Bradin Echols, Michael Carter II, Ashtyn Davis, Bryce Hall, Will Parks.
These were members of your New York Jets secondary this past season. Aide from the six-year vet Parks – a nomad since Denver drafted him – it is a collection of basically first and second-year players. Soon after head coach Robert Saleh was hired, there was plenty of chatter about brining ex-49er and ex-All Pro Richard Sherman on board. But Sherman showed how his skills have slowed with his play with Tampa Bay this season.
The Jets also have to decide to sign team captain safety Marcus Maye or let him walk away in free agency.
Since 1970, the Jets have struggled to piece together a cohesive and productive unit. They have had the individual standouts through the years.
Steve Tannen was a top pick in 1970 and was an effective corner and punter. There have been others like Aaron Glenn, Burgess Owens, and Ray Mickens to the duds like Earlie Thomas, Roscoe Word, and Rich Sowells.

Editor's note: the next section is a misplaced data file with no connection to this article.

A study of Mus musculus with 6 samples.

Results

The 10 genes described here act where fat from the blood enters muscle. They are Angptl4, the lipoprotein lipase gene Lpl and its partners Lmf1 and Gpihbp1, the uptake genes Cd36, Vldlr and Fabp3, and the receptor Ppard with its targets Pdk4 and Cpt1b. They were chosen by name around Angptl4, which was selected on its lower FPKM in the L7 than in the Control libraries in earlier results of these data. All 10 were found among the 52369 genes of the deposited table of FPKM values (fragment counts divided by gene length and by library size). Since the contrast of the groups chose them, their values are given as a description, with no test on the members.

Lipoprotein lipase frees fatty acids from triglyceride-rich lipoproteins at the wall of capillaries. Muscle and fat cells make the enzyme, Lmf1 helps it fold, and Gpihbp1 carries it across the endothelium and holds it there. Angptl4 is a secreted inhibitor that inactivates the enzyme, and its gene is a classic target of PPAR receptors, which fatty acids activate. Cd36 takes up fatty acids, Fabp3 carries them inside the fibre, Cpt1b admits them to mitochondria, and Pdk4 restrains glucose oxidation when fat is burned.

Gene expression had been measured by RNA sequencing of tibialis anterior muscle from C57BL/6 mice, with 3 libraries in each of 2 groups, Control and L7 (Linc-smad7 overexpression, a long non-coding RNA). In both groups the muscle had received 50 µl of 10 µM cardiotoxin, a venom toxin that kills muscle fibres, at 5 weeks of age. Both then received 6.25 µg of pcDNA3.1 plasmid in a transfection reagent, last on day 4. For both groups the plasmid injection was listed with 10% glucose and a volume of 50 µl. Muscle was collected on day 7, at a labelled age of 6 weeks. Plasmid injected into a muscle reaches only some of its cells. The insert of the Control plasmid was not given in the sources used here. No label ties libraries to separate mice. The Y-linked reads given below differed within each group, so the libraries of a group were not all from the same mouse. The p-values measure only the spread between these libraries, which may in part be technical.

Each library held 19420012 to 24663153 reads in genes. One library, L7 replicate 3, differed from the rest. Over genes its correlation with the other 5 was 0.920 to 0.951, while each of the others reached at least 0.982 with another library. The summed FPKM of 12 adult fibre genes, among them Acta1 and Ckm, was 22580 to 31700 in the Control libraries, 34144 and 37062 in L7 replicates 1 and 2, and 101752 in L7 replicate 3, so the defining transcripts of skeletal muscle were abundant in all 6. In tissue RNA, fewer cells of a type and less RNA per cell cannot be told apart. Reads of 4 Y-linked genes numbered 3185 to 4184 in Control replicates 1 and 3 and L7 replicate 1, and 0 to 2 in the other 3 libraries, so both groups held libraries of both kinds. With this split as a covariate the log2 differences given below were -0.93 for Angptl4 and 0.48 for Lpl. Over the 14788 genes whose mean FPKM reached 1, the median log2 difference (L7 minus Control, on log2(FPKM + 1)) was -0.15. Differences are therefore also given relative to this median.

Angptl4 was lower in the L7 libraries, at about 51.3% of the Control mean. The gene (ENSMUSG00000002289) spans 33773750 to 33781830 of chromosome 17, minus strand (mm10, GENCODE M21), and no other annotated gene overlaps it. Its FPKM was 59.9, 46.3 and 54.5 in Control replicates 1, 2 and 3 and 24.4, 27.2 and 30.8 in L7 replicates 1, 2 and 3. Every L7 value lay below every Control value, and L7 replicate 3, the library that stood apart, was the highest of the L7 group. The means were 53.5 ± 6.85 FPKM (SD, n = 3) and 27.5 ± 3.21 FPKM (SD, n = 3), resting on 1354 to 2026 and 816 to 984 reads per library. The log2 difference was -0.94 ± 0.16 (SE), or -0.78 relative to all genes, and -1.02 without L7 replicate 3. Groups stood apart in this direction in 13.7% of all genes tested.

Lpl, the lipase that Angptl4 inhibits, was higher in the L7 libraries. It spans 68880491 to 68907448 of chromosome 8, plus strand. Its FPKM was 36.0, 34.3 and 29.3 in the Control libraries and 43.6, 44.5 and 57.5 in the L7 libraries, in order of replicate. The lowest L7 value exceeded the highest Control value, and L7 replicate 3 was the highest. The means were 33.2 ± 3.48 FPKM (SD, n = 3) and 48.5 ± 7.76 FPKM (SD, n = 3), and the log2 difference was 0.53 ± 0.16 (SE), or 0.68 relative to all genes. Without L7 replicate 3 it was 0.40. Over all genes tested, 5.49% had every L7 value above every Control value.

Darrell Revis and Antonio Cromartie may have been the best in the league as well as in franchise history. The last year they were both productive was 2015.
For the last six years, former Jet Jamal Adams was the lone game-changing player in the secondary.
Jets’ GM Joe Douglas has roughly $50 million in cap space and the fourth and 1th pick overall as well as two more picks in the first 38. The Jets may go the pass rusher or lineman route among their first two picks, but a corner or safety isn’t a bad route.
They should have a legitimate shot at drafting either LSU’s Derek Stingley Jr. or Washington’s Trent McDuffie among the first 10 picks. That would give them a further young secondary to watch grow.
Or the Jets could invest in New England’s J.C. Jackson or Carolina’s Stephon Gilmore as big ticket items or go a lesser route with Pittsburgh’s Steven Nelson or the Rams’ Darius Williams. There are other options.
The Jets tried going with the big-name corner when they inked Rams’ corner Trumaine Johnson to a five-year, $72 million deal in 2018. It appeared to be a major solution to their issue.
But Johnson flopped after two seasons, and the Jets went back to square one.
The Jets’ kiddie corners improved with time over last season, and Hall and Echols could be the answer. Davis was highly touted, but he still hasn’t lived up to his expectations at safety.
Free agency begins on March 16, and Douglas will need to get everything in motion. The draft will be five weeks away.
It will get interesting, but the Jets needed to seal a needed corner of their foundation.